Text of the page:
Yoga seeks to discipline the body and mind. Incorporating music into the setting can help you focus on both aspects. Whether you do yoga at home or in classes, yoga music is an important element to consider in establishing the mood and aura that best fit your needs. Yoga music is relaxing and enhances the meditative state of the practitioner. Selecting the most suitable music for yoga exercises depends on which yoga discipline is being practiced and on your personal preferences.
Yoga music is often chosen to match the tempo of a yoga session, which is usually slower than other forms of exercise. Thus, the style of music is also slower than the modern, up-beat songs that are common in workout music. Some practitioners prefer to practice yoga in complete silence, while others like the audible encouragement that music can provide them.
The right selection of music can benefit the practitioner in a number of ways. Yoga music allows you to turn your attention inward to what the body needs to achieve rather than to external distractions. The music can also help guide you through the series of movements and their rhythm. No matter which music you decide to use for your workout, yoga music should be a background element rather than a driving force.
A yoga class generally begins with warm up stretches, progresses to the main exercise of poses and postures, and finishes with cool down stretches. The yoga music you choose should mimic this slow-fast-slow pace while maintaining the rhythm particular to your style of yoga. Yoga disciplines vary from one another in tempo and the level of emphasis they place on the body and mind. The music that you select should reflect the discipline being practiced.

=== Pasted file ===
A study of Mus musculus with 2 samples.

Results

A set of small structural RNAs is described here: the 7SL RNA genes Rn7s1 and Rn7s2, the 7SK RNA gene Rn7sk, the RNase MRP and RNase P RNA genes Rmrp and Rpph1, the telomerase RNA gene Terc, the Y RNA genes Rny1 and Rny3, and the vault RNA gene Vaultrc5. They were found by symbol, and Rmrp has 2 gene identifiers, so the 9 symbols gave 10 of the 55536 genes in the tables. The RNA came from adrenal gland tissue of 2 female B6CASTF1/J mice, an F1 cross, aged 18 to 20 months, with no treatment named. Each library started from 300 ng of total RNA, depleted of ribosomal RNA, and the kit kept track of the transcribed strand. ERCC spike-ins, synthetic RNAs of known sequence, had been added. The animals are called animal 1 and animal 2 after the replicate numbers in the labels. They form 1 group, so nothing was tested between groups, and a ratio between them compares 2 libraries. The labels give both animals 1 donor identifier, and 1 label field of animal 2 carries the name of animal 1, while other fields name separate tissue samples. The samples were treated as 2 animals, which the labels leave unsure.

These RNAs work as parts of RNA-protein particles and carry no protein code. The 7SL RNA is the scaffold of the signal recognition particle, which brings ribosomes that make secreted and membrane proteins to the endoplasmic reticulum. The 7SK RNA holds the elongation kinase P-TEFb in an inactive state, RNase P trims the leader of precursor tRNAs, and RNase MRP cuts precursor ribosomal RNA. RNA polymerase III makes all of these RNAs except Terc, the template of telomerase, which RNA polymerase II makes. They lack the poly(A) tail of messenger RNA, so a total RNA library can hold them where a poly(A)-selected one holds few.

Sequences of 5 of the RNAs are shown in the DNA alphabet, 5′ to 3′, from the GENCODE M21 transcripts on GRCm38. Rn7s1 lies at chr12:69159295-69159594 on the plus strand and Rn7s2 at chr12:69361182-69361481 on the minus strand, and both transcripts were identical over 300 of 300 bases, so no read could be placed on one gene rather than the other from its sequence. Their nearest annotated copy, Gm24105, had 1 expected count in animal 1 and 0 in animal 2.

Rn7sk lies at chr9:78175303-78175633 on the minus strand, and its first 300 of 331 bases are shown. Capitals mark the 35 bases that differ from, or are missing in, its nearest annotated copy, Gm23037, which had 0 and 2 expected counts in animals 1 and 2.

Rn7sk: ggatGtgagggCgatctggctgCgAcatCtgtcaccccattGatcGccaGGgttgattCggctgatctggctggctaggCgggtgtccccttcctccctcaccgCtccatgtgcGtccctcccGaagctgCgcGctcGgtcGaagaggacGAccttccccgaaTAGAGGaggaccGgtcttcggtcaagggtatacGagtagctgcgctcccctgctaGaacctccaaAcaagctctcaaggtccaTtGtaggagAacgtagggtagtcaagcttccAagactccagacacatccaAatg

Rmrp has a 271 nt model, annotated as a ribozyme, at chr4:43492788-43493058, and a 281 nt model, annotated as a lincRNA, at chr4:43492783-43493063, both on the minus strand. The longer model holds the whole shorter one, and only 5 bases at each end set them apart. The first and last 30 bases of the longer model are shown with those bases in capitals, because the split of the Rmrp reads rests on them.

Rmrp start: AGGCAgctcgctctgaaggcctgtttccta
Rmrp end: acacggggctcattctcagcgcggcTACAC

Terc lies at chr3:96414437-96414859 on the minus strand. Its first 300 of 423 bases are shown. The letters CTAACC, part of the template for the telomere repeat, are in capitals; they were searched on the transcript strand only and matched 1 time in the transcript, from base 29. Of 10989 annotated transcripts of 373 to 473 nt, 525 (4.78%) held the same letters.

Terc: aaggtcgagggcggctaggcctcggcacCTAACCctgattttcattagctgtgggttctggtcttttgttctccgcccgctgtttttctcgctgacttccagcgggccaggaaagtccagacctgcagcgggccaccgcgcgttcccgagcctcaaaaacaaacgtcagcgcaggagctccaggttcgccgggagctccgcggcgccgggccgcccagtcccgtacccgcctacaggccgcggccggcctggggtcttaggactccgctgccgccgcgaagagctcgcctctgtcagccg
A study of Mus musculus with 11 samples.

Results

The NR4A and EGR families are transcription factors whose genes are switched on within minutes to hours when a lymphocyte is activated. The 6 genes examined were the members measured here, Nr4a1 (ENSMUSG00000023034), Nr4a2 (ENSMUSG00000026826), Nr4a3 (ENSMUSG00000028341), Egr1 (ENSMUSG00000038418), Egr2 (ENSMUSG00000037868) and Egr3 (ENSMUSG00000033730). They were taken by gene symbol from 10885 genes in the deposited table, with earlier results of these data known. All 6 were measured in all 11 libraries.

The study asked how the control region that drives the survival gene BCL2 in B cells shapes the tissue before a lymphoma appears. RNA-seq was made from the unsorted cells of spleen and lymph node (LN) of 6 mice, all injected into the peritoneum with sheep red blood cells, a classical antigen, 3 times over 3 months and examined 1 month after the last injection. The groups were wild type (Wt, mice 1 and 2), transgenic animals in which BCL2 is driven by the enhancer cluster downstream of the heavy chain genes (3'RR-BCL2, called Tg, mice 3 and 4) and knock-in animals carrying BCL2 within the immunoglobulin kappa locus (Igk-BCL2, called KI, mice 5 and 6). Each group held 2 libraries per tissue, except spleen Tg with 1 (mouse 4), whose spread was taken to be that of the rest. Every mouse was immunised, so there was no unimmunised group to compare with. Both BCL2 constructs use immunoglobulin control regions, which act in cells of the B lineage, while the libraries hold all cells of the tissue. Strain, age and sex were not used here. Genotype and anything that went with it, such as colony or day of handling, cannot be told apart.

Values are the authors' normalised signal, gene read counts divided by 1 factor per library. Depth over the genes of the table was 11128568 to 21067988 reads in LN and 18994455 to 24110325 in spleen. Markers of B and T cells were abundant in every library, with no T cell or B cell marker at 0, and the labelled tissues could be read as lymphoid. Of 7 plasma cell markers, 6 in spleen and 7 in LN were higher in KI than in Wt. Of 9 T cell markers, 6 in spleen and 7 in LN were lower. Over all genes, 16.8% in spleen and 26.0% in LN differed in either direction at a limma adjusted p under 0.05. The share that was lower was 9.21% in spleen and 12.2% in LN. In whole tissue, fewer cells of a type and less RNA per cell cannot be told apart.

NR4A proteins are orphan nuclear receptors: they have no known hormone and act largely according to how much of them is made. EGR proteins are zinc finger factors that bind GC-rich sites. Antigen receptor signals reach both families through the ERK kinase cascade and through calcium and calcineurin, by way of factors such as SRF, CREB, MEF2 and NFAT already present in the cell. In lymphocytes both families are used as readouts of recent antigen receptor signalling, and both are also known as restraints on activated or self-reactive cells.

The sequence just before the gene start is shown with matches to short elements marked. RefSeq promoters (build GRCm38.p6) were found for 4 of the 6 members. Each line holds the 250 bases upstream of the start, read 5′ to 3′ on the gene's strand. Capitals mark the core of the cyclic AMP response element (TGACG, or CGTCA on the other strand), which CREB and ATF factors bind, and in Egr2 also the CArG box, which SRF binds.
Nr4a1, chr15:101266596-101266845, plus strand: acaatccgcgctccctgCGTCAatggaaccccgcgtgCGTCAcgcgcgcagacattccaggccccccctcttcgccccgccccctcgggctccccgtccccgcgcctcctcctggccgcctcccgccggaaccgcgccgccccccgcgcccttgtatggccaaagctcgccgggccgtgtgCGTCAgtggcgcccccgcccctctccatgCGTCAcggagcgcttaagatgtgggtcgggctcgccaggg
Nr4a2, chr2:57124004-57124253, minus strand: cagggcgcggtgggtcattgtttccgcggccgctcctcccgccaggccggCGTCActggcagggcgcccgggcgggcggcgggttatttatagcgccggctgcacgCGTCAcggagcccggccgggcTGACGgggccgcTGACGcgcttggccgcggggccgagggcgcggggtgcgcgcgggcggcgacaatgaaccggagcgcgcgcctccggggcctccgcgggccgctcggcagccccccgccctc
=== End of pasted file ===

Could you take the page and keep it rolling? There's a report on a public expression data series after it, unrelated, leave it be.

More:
More physical styles of yoga that specialize in training the body with a more rapid transition between poses and postures can be higher in intensity. These yoga sessions should be accompanied by music that is also faster paced and energetic, including such elements as rhythmic percussion and expressive chants. Some mid-tempo modern pop, dance, and trance selections may even be appropriate, as long as they don't distract you from the yoga.
Other yoga disciplines are more spiritual in nature, incorporating extensive breathing exercises, meditation, and lengthy poses that target the mind and spirit. Movements are often slow and fluid from start to finish, and songs that use wind or string instruments can imitate this flow and be relaxing, unintrusive, and conducive to meditation. Yoga music that features vocals is appropriate for most disciplines, but be sure to choose an artist whose voice is soft and soothing rather than overt and forceful so that your focus isn't disrupted.